This column is a monthly update of legal & first amendment rights issues in the courts, written by famous First Amendment Rights Attorneys Benjamin & Aaronson courtesy of Xcitement Magazine©2010
This month the adult entertainment industry received a great victory and was able to take a great sigh of relief. The case of the United States v. John Stagliano John Stagliano, Inc. and Evil Angel Productions, Inc. went to trial in the District of Columbia before U.S. District CourtJudge Richard J. Leon for charges that they had sent obscene material by common carrier across state lines to the District of Columbia.
At the inception of this case, the case had all of the trappings of being a hallmark, if not a landmark decision, in obscenity prosecutions. The case was brought by the Justice Department’s Obscenity Prosecution Task Force Representing the defendants were represented by some of our personal friends, H. Louis Sirkin, Paul Camberia, Alan Gelbart and Robert Corn-Revere.
The reason why this case could have been, if not a landmark decision, but a hallmark decision, was depending on the verdict this case would have made a statement to either the pro-censorship people within the government or to First Amendment advocates outside of the government. The defendants were represented by fine attorneys defending the material and claiming that they were not obscene in Washington, D.C. Supposedly a crack government legal team was on the other side. The case was being watched by the adult entertainment industry along with prosecutors nationwide. A victory for the prosecutors would have sent a chilling effect throughout the adult entertainment industry. A finding that the material was not obscene would have emboldened those of us who champion the First Amendment and believe in the right of adults to view contents that they desire.
As any trial attorney will tell you, the future of a case can never be predicted and cases take on lives on their own. During this trial, there were missteps by the United States Government such as a corrupted recording of a DVD that caused the Judge to throw out countsthat dealt with the “trailors” of the movies. There also was a misspoken statement by one of thefederal agents while testifying, where the agent testified that the Judge had told him to review theevidence before he testified. This made the Federal District Court Judge irrate and required anaffidavit to be signed by the U.S. Attorneys for the jury’s review stating in fact their own witness was mistaken.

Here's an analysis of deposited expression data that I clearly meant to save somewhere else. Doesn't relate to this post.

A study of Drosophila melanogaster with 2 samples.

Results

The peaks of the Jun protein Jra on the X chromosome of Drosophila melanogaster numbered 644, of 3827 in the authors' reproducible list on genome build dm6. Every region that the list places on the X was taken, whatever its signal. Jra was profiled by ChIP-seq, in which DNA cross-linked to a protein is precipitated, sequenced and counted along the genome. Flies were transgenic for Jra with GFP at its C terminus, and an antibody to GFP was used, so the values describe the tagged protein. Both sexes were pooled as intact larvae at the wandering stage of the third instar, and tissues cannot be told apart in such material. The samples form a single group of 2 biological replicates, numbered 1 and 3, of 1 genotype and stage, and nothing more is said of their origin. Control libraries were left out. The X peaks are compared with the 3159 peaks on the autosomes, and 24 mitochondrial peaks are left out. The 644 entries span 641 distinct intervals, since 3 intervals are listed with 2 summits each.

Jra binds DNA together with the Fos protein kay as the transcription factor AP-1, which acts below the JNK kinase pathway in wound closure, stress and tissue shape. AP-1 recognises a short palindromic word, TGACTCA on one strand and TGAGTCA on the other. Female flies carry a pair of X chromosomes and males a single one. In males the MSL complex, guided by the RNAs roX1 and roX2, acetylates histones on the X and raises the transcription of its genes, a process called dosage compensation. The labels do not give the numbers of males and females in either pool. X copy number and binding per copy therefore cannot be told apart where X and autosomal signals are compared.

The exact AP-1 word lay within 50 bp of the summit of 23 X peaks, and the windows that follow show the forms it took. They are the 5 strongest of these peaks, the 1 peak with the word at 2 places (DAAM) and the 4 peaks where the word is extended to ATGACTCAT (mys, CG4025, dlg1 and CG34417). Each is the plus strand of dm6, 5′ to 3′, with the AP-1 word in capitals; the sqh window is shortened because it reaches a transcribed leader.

However, the biggest shock came when the defense argued their Rule 29 motions. These are motions in Federal Court after the government rests its case, to have the charges thrown out because the government has not put on a prima facia case to the standard where a reasonable juror could come back and find guilt beyond a reasonable doubt. These motions are seldom granted but to everyone’s surprise Judge Leon in fact granted the Defendant’s motions and threw out all of the charges. His ruling was not based upon the fact that the material was not obscene but rather that the defendants could not be hooked up and linked to the interstate transportation of the matter. Regardless of why he ruled, this case was a great victory for the First Amendment and First Amendment advocates and a crushing defeat for the U.S. government in its war on people’s freedoms. After the trial, John Stagliano apparently voiced some misgivings of the proceedings. He was certainly thrilled that he was no longer facing time in jail, but as a fighter for the First Amendment it seemed that he very much wanted a victory wherein the jury would have found the matters to not be obscene. If that occurred, it would have sent shockwaves throughout the United States government that adults want to be left alone, that adults want the rights to view and not have the government interfere in what they watch.
Again, a victory is a victory. Those of use who champion First Amendment freedoms could not be happier and could not be more proud of our compatriots who went through the fight. Having been involved in cases with Paul Camberia and H. Louis Sirkin we know what quality work was done on the defendants’ behalf and we know what passion was given in that representation. We send our truest congratulations and appreciation to the defendants and to the defense team.
In order for material or even performances to be obscene they must fail the Miller test. The essence of the test is that the: average person applying contemporary community standards finds the matter taken as a whole appeals to the prurient interest; it depicts sexual activity in a patently offensive manner; and lacks serious artistic, literary, scientific or political value.
To many of us, this definition is no definition at all. It gives no guidance and we believe it is unconstitutionally vague. Because of this belief, we were waiting for the Supreme Court to weigh in on their belief of the constitutionality of the”honest services fraud”cases. We had hoped that if the Supreme Court struck down that crime on vagueness grounds, we would have ammunition to do the same for the obscenity test.
Unfortunately in the case of Skilling v. United States the Supreme Court did hold “honestservices fraud” to be vague, but its reasoning does not help our First Amendment fights against the Miller test. The Supreme Court seemed to indicate that a definition as vague as the Miller test would have saved the “honest services fraud” statute.